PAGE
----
When you think of the world’s longest highways, you likely imagine long stretches of almost-straight road, mile after mile of land dotted by towns and villages, and punctuated by cities big enough to be on a national map. But one of the longest highways is actually a ring road. Australia’s Highway 1, traces around the entire continent, following the Australian coast in a giant loop, with a few exceptions.
The Pan-American is the longest highway in the world. This epic route, first proposed in 1889, runs south to north, or north to south, whichever way you prefer to travel. From Prudhoe Bay, Alaska in the U.S., all the way to the port city of Ushuaia, Argentina in the Tierra del Fuego.
Here are the top five longest highways in the world:
Australia’s Highway 1, also called the “Big Lap,” has two distinct designations, including the world’s second-longest highway and overall longest national highway. It roughly connects seven of Australia’s eight capitals. The route passes through Sydney, Brisbane, Cairns, Darwin, Broome, Perth, Esperance, Adelaide, Melbourne and also hops across the Bass Strait to Hobart, Tasmania.
Australia is famous for animal species found nowhere else in the world: 87% of its mammals, 93% of its reptiles, 94% of its frogs, and 45% of its birds are unique to the country/continent. Its plant species are no exception.
Only about 10% of Australia’s population lives in Western Australia, the biggest state in the country, and yet this state has 12,000 wildflower species. Highway 1 travels right through the state.
Along Highway 1 in this part of the country, you’ll find attractions like the Walpole Wilderness Area, Mount Frankland National Park, and the Valley of the Giants Tree Top Walk, where you can see 400-year-old Red Tingle eucalyptus trees.
Heading back to Earth, you can also visit Esperance, a seaside town with about 10,000 inhabitants, which is where NASA's Skylab space scientific station famously crashed to Earth in July 1979, causing a sonic boom and littering the tiny community with debris.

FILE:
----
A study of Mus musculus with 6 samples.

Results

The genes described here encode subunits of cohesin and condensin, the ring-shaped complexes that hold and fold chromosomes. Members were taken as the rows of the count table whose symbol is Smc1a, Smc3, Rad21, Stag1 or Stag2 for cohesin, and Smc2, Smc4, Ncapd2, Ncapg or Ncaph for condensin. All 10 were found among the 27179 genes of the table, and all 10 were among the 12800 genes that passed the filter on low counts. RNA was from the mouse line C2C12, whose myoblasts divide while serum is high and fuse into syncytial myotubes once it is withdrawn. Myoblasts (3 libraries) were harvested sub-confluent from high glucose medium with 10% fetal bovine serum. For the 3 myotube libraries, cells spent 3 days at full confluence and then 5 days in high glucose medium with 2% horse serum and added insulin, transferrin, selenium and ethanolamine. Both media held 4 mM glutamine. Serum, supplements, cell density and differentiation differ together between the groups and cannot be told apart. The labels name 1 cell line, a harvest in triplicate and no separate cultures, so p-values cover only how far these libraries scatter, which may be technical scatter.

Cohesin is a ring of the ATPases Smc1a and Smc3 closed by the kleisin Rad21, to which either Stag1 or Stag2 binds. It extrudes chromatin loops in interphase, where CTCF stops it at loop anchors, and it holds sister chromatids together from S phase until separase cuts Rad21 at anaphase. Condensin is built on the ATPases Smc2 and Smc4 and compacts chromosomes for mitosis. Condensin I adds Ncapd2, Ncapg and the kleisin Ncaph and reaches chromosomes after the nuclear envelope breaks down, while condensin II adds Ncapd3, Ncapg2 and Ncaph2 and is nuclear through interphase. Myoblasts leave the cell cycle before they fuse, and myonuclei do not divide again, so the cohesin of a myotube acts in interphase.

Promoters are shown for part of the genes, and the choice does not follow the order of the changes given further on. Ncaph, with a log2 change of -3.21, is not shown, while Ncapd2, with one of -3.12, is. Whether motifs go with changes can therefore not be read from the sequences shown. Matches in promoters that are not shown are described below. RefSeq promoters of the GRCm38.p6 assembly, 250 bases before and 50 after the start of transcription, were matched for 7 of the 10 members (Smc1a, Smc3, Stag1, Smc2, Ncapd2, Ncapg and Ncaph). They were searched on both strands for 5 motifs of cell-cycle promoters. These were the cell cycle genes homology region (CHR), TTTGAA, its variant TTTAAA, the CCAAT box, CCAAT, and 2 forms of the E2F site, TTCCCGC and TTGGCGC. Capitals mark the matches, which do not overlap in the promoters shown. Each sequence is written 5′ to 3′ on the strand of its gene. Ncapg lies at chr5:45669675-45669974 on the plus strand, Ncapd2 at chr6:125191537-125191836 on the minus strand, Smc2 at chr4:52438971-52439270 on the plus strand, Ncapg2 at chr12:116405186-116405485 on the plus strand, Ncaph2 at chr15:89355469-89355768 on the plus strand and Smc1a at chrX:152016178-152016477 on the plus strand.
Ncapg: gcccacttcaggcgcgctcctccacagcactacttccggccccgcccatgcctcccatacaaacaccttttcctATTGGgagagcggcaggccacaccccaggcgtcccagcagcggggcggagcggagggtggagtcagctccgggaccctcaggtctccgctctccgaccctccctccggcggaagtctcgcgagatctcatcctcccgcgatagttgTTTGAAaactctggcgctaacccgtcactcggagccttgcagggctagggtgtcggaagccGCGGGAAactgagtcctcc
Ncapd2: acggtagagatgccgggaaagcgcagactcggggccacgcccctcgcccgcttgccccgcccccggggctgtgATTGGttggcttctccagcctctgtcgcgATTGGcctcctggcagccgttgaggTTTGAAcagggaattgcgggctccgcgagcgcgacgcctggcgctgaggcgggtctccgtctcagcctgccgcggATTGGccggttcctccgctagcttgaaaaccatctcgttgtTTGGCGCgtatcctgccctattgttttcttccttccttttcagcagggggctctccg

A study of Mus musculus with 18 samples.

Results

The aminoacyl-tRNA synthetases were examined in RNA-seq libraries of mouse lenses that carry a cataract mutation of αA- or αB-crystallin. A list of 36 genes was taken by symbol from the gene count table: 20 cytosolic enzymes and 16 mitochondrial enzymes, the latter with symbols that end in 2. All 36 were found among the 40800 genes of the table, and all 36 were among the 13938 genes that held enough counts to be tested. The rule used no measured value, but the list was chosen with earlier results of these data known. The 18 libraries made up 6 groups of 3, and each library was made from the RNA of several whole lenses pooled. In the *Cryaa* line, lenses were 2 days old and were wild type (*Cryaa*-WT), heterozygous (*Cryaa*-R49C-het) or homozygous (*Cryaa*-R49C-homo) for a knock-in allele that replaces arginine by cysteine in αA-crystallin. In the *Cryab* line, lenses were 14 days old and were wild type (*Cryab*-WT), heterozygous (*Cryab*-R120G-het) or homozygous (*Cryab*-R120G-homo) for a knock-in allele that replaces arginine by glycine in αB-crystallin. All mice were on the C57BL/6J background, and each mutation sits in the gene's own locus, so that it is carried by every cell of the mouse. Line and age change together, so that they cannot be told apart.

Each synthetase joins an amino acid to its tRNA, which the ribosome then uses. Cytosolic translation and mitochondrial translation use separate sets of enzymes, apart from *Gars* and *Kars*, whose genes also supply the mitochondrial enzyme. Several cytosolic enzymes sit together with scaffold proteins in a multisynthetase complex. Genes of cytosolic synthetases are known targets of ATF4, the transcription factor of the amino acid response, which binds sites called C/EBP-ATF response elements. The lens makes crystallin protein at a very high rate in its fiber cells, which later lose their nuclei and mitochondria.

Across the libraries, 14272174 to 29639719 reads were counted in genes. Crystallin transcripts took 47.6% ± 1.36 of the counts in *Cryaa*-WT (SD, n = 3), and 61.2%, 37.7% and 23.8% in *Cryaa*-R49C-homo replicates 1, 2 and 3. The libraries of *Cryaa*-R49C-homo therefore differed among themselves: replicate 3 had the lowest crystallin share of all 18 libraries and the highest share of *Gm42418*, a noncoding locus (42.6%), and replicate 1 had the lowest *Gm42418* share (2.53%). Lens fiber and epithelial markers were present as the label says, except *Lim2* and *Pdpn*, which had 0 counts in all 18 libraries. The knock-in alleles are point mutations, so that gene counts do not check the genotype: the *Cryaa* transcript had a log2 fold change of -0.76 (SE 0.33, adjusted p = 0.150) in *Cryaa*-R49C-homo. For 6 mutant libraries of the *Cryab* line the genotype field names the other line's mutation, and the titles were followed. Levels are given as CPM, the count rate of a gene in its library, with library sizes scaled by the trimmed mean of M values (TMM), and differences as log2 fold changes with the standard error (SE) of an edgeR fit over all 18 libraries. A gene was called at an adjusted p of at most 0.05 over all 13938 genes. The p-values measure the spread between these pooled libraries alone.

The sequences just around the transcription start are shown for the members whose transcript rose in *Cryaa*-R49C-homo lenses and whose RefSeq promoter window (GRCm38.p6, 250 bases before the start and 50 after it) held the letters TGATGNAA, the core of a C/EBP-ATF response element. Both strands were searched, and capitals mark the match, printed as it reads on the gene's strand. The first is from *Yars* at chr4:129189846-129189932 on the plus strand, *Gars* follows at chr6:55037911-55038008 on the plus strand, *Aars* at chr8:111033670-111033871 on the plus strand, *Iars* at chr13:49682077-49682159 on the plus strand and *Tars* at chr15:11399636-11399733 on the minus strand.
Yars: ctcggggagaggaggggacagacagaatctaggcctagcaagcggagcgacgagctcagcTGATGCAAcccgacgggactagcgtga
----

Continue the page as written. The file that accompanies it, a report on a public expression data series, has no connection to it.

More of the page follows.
Driving through American plains or Canadian prairies will seem like a blip in time compared to the long stretches of Australia’s famous Outback, which engulfs much of the country. In fact, only 5% of the country’s population lives here, making for a very lonely drive, especially for road train drivers.
Until the 1930s, goods were transported through Australia via camels, which were gradually replaced by motorized caravans. Then Kurt Johannson created “Bertha.” Using a tank retrieval tractor the U.S. Army had left behind after WWII, Johannson built trailers to transport cattle out of his place in Alice Springs, which lay right in the middle of Australia.
Road trains are more than just articulated trailers hooked up to one another and finally to a powerful tractor. The trailers are actually connected via converter dollies, which add extra axles to the rig. Various configurations are possible, but the end result is a giant: A road train with four trailers can run 175.5 ft (53.5 m) long.
As trucking business increases, the Australian transport industry is concerned with improving road safety and combating driver fatigue. Australia’s Heavy Vehicle National Law (HVNL) is currently under review, including fatigue management and rest stop provisions.
Highway 1 connects all Australian states except for Brisbane and Darwin, and more than 1 million people use it every day. Whether it’s for transporting goods, commuting or exploring, Australia’s Highway 1 is the never-ending circle of travel possibilities.